Ohio Senate Marijuana Law Changes: A Snapshot


Ohio Senate Marijuana Law Changes: The Surprising Change

Ohio Senate Marijuana Law Changes: A Snapshot

As a sudden turn of events, Ohio Senate Republicans are releasing a set of changes to the bill that would legalize marijuana just days before it goes into effect. Issue 2 was approved by voters on November 7, but the Senate is now using its legislative power to make big changes.

Ohio Senate Marijuana Law Changes: Don’t Use Your Green Thumb

The ban on growing weed at home is one of the most important changes. Senate Republicans want to get rid of the part of the bill that lets Ohioans grow up to six plants at home and up to 12 plants per family. This is different from what voters originally agreed to. The green revolution might only be able to happen among approved growers.

Ohio Senate Marijuana Law Changes: Taxes on cannabis are going up!

Get your money ready! The suggested changes call for raising the tax rate on marijuana products from the 10% that voters approved to 15%. Even growers won’t get a break; they will still have to pay the same high tax rate after these changes.

The New Place Where Tax Dollars Go

Keep your buds close! The place where pot tax money goes is also getting a makeover. The money will not go to helping local governments host dispensaries or a social equity program. Instead, it will go to general state funds, training for police, treatment for drug abuse, and training for safe driving.

Ohio Senate Marijuana Law Changes: Levels of THC: Normal

The changes that are being considered don’t end with taxes. The amount of THC that marijuana plants could legally have would go down from 90% to 50%. The amount of THC in the products would also go down from 35% to 25%. There are signs that the high point in Ohio might be going down a bit.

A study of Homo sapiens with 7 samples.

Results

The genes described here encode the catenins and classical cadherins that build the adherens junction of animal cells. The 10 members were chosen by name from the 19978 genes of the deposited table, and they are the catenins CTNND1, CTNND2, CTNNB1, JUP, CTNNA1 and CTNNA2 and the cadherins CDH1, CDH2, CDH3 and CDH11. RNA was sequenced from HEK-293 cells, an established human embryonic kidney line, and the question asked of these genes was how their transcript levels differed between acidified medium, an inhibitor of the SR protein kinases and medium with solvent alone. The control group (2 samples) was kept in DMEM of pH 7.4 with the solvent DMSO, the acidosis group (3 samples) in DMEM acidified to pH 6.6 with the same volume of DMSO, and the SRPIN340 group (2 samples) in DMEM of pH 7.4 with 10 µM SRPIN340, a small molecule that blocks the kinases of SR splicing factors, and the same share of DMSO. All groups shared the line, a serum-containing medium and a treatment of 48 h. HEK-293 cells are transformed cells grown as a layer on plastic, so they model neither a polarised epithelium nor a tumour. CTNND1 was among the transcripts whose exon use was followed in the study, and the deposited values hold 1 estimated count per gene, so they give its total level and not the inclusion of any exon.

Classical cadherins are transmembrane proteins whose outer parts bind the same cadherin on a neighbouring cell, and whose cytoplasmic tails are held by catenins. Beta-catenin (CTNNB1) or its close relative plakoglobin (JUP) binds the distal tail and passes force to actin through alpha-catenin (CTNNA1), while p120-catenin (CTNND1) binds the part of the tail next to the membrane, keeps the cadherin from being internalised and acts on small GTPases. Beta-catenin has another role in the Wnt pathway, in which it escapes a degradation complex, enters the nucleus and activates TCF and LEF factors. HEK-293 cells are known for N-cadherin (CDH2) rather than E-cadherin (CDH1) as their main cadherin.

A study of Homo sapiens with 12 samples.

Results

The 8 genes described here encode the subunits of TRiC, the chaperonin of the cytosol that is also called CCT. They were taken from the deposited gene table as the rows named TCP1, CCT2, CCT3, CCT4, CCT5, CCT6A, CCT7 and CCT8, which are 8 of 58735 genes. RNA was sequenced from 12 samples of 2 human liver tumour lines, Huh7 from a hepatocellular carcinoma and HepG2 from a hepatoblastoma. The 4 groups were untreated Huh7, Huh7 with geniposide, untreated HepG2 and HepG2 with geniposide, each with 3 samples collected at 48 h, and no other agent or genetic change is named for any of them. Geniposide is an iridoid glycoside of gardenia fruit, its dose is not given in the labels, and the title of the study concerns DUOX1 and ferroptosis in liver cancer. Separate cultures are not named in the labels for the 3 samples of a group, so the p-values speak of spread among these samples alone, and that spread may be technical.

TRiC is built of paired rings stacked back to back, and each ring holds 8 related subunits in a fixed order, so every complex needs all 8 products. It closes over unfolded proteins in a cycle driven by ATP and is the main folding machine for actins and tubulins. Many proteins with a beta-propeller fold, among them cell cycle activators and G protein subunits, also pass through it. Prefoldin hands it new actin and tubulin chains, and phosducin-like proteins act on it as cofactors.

Keeping the kids safe

Concerns about teens getting marijuana are being taken into account in the planned changes. Products can no longer look like animals, fruits, or cartoon figures, and they have to come in child-safe packaging. Also, dispensaries must stay at least 500 feet away from public parks, schools, churches, libraries, and other public places.

What’s Up in Smoke: Rules for Public Use

Soon, people might not be able to smoke or vape weed in public places. Products that don’t involve smoking, like candies, could be used in public (unless private businesses say otherwise), but smoking or vaping would have to be done in private. But landlords still have the power to tell renters they can’t smoke.

Rules for the workplace

These changes are based on what employers want. It’s not against the law for them to make their own rules about cannabis use, test their workers for it, and fire people who use it.

The Way Ahead

These suggested changes need to be approved by Governor Mike DeWine, the Senate, and the House before they can become law. The trip is complicated, and the end result is still unknown.

Ohio Senate Marijuana Law Changes: Not One Response

Issue 2 supporters are unhappy because they say that Senate Republicans are not following what voters wanted. On the other hand, Issue 2 opponents say that these changes will make the law better for Ohioans.

As Ohio gets ready for these possible changes to its marijuana laws, the future of growing pot, tax rates, and where the money comes from are all up in the air. Stay tuned as the state figures out how to handle this changing weed situation.